One of the most common questions I get from friends, family and clients is about soy.  Are you also wondering if soy is a “bad” food, or if you should eat it? 
If so this article is perfect for you!  We’ll dive into this hot topic and I’ll help you discover how to eat soy wisely.
First off, I’d like to invite you to take soy out of the category of “bad” food.  I personally don’t like judging food and putting them into “good” and “bad” boxes because I think it creates conflict with such an amazing source of joy, healing, nourishment and happiness in our lives.  
In reality, as new research comes forward so many foods jump from being “good” to bad” and vice versa.
Take FAT for example.  For decades it was on the no-no list, and now certain fats are being put forward as the MOST important foods for reducing obesity and cardiovascular disease – two reasons you were told to avoid it in first place!
I find the best approach when it comes to food is to keep an open mind, stay informed, and practice moderation.
When it comes to soy this is especially important. 
The Benefits of Soy
Soy is a food source of what is known as a “phytoestrogen”.  These phytoestrogens are weaker than your own estrogens and can actually help BALANCE your estrogen levels.   Yes!
If you don’t have enough estrogen…
If you tend to be low in estrogen, soy can be beneficial for you.  Low estrogen is linked to issues like insomnia, vaginal dryness, hot flashes, memory problems, osteoporosis and menopausal symptoms.  When you don’t have enough estrogen, the plant based estrogens bind your receptors and create more of an estrogen effect on your body.

If you have too much estrogen…
If you tend to be estrogen dominant, are on HRT, or exposed to high levels of toxic environmental estrogens from plastics, pesticides, receipts, or your cosmetics soy can also beneficial for you!  

Symptoms of having too much estrogen include PMS, weepiness, anxiety, heavy periods, bloating, migraines and mood swings.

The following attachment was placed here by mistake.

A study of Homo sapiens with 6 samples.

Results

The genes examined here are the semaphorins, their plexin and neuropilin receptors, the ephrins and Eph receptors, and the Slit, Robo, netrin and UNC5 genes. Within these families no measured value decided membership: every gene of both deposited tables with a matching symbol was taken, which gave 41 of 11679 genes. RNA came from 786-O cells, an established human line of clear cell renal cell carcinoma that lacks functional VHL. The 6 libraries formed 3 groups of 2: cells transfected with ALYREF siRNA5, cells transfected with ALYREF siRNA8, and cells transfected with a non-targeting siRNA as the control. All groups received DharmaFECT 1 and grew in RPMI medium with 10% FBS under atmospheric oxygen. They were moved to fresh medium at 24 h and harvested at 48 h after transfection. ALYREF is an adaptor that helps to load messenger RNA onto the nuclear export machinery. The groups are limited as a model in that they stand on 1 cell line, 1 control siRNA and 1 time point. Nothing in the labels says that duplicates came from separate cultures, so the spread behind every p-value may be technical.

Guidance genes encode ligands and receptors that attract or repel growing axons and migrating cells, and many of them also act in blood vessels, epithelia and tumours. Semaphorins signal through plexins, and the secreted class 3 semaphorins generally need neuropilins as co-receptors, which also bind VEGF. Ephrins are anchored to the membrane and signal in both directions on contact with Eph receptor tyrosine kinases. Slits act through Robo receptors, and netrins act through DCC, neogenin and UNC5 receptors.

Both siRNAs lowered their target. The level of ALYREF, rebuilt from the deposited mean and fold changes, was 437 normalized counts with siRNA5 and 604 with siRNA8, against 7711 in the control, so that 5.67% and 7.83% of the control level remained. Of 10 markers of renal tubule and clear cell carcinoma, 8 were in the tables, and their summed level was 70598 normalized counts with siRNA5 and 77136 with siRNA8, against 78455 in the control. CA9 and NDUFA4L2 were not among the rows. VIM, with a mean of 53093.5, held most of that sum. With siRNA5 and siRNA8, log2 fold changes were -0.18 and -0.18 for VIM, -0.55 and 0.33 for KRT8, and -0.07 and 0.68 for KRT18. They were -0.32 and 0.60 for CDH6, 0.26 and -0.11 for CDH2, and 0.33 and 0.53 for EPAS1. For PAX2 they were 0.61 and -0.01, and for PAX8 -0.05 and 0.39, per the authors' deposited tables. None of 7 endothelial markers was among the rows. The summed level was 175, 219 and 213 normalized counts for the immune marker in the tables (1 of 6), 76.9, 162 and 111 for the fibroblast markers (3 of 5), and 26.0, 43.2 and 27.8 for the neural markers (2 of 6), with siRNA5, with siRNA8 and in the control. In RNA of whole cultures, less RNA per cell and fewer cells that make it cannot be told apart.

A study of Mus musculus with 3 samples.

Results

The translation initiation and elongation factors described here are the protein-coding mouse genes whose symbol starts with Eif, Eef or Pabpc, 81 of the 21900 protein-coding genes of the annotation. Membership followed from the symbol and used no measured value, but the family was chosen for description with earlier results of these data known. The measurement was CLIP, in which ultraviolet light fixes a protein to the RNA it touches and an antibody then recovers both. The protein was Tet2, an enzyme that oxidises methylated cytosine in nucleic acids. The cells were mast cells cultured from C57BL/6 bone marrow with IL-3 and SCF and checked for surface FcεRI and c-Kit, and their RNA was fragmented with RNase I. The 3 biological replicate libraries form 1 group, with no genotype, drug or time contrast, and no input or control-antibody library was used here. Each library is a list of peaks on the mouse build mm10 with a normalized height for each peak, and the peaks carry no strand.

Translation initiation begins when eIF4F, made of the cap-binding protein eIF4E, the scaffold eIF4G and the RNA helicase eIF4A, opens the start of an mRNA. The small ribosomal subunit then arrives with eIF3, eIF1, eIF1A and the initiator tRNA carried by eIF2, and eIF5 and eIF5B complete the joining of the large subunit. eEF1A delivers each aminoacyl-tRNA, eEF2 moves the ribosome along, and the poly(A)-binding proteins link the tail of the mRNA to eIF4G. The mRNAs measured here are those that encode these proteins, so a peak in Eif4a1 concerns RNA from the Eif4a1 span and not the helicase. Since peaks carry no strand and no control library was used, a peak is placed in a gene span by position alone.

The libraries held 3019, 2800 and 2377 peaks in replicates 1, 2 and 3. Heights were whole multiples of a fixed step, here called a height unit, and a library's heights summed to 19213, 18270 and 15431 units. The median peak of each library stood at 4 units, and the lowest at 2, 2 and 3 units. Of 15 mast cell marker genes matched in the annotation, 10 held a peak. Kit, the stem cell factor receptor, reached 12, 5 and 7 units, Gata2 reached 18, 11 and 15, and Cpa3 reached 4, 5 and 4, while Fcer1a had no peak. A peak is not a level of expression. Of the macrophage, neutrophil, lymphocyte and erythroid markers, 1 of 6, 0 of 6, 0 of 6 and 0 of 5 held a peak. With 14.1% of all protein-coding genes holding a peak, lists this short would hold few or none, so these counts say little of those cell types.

So, how does soy reduce your estrogen levels? 

It does this by binding your estrogen receptors.  Plant based estrogens in soy are weaker than human and toxic estrogens so it’s actually better that they fill up your receptors. 

You can think of it like musical chairs.  When the plant-based estrogens take up all the seats, the stronger estrogens are left floating around through your blood stream unable to lock into a receptor and influence your physiology.

Phytoestrogens also bind protective estrogen receptors in your brain and bones but not the cancer associated receptors in your breast, uterus and ovaries. 

This is why soy isoflavones have also been shown to be protective against breast and ovarian cancer.

Hopefully you can now see that the media hype around soy making you overly-estrogenic is not telling the whole story.   

That all being said…
Soy is a food I would recommend that you only eat wisely and in moderation. 

Here are some tips to help you find a happy balance with this potentially confusing little bean.

3 Ways To Eat Soy Safely

  1. Choose organic, non-GMO soy –  I’d recommend that you stick with how nature made soy.  This can be a little challenging since over 94% of the soy grown in the United States was genetically modified by 2012, but your local health food store will have great options.  Look for USDA organic or soil association logo on the labels. 


  1. Choose fermented soy –  tempeh, natto, miso, soy sauce and fermented soy milk and tofu are fermented.  The therapeutic ingredient in soy is more available to your body in fermented soy and they also contain gut healing probiotics. 


  1. Choose foods that use the WHOLE bean – research has shown the whole bean to be beneficial, but the effect of highly processed forms like soy protein isolate are much less well understood. Keep these foods very much to a minimum.  Check the ingredients on processed foods like protein bars, processed vegetarian foods and protein shakes.


  1.  Balance with other sources of healthy isoflavones – chickpeas, lentils and kidney beans are also an excellent source of the gentle therapeutic plant-based estrogens.  


  1. Have max one serving of soy per day  – in other words, moderation of moderation is the best principle when it comes to soy.   Research has found that the healthy amount of isoflavones is about 40 mg/day.  In terms of soy foods, this looks like:
    • 3 ounces (85 grams) of tempeh,
    • 1 cup of fermented soy milk
    • 2 cups of edamame
    • 1/3 cup (80 mL) miso
    • 6 ounces tofu


Take Action Now

Pick one of these tips to get started on over the holidays – it could be simply reading labels on your packaged foods and looking for soy protein isolate, or taking note of whether your intake is way over the recommended amount and looking for non-soy alternatives  You could also experiment with fermented soy foods!  

If you are still unsure about this food, or are wondering what foods are best for supporting your unique health issue I invite you to book a complimentary Health Insight call with me.